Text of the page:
I got robbed last night.

Someone grabbed my camera as I was taking pictures on the road into Petionville. It was dark and a hand flew into the car and snatched the camera. It was over in a split second and the thief disappeared before I could see him. There aren’t many street lights in Port-au-Prince.

It was another reminder how things have changed here. Perversely, Haiti was much safer under the military governments of the early 1990s. The generals killed their countrymen at will and everyone knew to keep their heads down. Few people went out at night.

The return of democracy means that the average Haitian has much more freedom. They are still afraid. Policing is poor, street lighting minimal and security is a constant worry. But it’s a small step forward.

The downside is that Port-au-Prince has much more of a Wild West feel to it. There’s a dangerous edge I never encountered before.

Getting mugged won’t stop me doing what I was doing. I still believe getting out and about is the best way, and the most fun way, to get to know a place.

But it was a bit of a fright.

In my week here I’ve been veering between delight at being back and depression at how Haiti (and the international community) has done so little to rebuild the nation.

It can be done. This New York Times story shows how the Iron Market, one of Haiti’s oldest and best-known landmarks, can be rebuilt in double quick time with nominal amounts of investment, hard work and determination.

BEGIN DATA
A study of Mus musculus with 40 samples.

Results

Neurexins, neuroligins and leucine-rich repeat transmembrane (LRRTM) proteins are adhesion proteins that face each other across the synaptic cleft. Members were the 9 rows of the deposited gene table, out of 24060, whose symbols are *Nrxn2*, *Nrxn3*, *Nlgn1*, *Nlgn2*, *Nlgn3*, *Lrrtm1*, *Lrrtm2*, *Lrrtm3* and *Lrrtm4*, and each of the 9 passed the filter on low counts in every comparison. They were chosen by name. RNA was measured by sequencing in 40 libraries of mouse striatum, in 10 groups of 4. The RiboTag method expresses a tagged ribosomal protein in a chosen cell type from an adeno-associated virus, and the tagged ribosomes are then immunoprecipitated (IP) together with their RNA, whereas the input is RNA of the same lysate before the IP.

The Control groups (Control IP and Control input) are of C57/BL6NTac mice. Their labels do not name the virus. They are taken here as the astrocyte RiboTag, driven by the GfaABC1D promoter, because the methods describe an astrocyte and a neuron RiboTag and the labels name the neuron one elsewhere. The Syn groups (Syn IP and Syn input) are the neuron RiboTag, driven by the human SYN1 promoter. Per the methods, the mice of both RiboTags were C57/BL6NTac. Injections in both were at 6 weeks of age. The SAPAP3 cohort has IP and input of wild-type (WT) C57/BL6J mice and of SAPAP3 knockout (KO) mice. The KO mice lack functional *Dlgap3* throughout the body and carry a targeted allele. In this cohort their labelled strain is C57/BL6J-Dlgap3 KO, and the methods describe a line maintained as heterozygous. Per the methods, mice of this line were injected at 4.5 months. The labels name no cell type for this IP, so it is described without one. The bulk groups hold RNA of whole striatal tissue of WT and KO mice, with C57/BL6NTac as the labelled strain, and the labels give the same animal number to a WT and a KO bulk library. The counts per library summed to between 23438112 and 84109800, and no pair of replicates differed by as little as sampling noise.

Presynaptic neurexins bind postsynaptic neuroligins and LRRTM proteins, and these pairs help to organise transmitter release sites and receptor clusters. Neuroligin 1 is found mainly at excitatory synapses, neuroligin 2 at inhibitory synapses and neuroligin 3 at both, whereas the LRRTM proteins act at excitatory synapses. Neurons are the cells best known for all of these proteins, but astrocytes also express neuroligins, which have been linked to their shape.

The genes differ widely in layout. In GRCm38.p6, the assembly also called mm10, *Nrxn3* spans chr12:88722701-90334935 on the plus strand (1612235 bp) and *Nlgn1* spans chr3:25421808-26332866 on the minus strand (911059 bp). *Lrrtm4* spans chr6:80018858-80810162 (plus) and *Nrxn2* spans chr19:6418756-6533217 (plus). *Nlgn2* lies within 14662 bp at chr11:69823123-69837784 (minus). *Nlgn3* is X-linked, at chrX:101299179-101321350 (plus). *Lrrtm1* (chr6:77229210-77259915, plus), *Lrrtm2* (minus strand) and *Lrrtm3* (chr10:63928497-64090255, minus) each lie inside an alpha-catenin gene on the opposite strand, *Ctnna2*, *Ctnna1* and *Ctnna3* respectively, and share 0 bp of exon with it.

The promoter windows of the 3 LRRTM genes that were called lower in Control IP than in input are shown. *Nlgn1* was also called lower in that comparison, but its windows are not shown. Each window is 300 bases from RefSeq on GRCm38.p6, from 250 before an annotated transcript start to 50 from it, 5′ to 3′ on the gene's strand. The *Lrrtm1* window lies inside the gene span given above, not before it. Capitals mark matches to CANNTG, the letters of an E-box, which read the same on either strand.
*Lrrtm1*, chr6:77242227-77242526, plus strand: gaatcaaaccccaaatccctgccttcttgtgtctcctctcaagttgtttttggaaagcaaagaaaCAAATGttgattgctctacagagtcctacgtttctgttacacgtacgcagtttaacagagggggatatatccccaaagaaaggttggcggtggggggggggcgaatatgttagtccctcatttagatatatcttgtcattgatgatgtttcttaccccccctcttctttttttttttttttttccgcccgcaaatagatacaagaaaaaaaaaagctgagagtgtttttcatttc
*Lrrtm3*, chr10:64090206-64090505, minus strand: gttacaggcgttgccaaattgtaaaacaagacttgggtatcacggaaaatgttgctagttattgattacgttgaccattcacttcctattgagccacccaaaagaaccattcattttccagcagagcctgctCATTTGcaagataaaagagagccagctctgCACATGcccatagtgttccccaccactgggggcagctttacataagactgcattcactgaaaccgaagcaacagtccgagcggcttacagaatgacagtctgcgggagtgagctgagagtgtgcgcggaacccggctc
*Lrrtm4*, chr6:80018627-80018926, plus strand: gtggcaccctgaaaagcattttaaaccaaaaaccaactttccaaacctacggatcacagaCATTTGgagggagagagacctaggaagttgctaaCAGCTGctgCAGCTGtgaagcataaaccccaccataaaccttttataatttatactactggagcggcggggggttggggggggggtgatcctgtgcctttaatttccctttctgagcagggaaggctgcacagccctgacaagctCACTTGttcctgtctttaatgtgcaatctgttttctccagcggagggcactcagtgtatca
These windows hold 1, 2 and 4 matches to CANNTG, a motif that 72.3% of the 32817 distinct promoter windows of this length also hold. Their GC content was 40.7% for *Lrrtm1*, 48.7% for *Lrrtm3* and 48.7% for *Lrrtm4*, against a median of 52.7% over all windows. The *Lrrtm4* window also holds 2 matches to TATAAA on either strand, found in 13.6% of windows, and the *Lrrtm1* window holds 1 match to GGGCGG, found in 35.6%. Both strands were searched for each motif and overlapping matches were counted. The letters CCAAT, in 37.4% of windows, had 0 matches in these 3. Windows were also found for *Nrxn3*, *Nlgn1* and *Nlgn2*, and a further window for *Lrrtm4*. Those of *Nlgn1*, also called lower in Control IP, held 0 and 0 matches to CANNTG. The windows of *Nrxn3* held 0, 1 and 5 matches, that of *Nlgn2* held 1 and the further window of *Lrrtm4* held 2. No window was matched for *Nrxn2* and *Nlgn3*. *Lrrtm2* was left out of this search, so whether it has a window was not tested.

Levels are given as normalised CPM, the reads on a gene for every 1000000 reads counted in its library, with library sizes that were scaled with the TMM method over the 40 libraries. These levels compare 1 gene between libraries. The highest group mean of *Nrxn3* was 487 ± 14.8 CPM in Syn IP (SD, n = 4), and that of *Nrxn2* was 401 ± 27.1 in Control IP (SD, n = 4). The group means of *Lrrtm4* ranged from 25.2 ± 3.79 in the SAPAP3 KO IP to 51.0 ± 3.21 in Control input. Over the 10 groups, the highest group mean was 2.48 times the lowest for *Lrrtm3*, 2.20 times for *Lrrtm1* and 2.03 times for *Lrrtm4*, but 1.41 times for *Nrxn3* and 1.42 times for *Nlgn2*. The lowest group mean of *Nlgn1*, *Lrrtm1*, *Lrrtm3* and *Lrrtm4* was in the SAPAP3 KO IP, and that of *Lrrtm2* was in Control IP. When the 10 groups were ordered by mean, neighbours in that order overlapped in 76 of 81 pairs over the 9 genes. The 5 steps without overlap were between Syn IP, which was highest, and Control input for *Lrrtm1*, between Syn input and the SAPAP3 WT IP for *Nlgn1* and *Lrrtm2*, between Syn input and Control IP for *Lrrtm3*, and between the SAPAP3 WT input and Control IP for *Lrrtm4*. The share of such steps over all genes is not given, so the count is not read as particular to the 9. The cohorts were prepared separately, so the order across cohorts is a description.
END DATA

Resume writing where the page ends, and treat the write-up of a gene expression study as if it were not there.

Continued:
And yet the National Palace (right), Haiti’s tropical White House, still sits destroyed and desperate, no different from the night the quake struck two years ago.

As home of the government and symbol of the nation, the palace should have been the first thing they targeted, to give a highly visible example of how the government was working to get Haiti back on its feet again.

I’ll get into the reconstruction efforts, or the lack of them, when I sit down to write stories for the Chronicle of Higher Education.

But it’s clear to anyone and everyone that Haiti hasn’t done a fraction of what it needs to do. It’s desperately sad.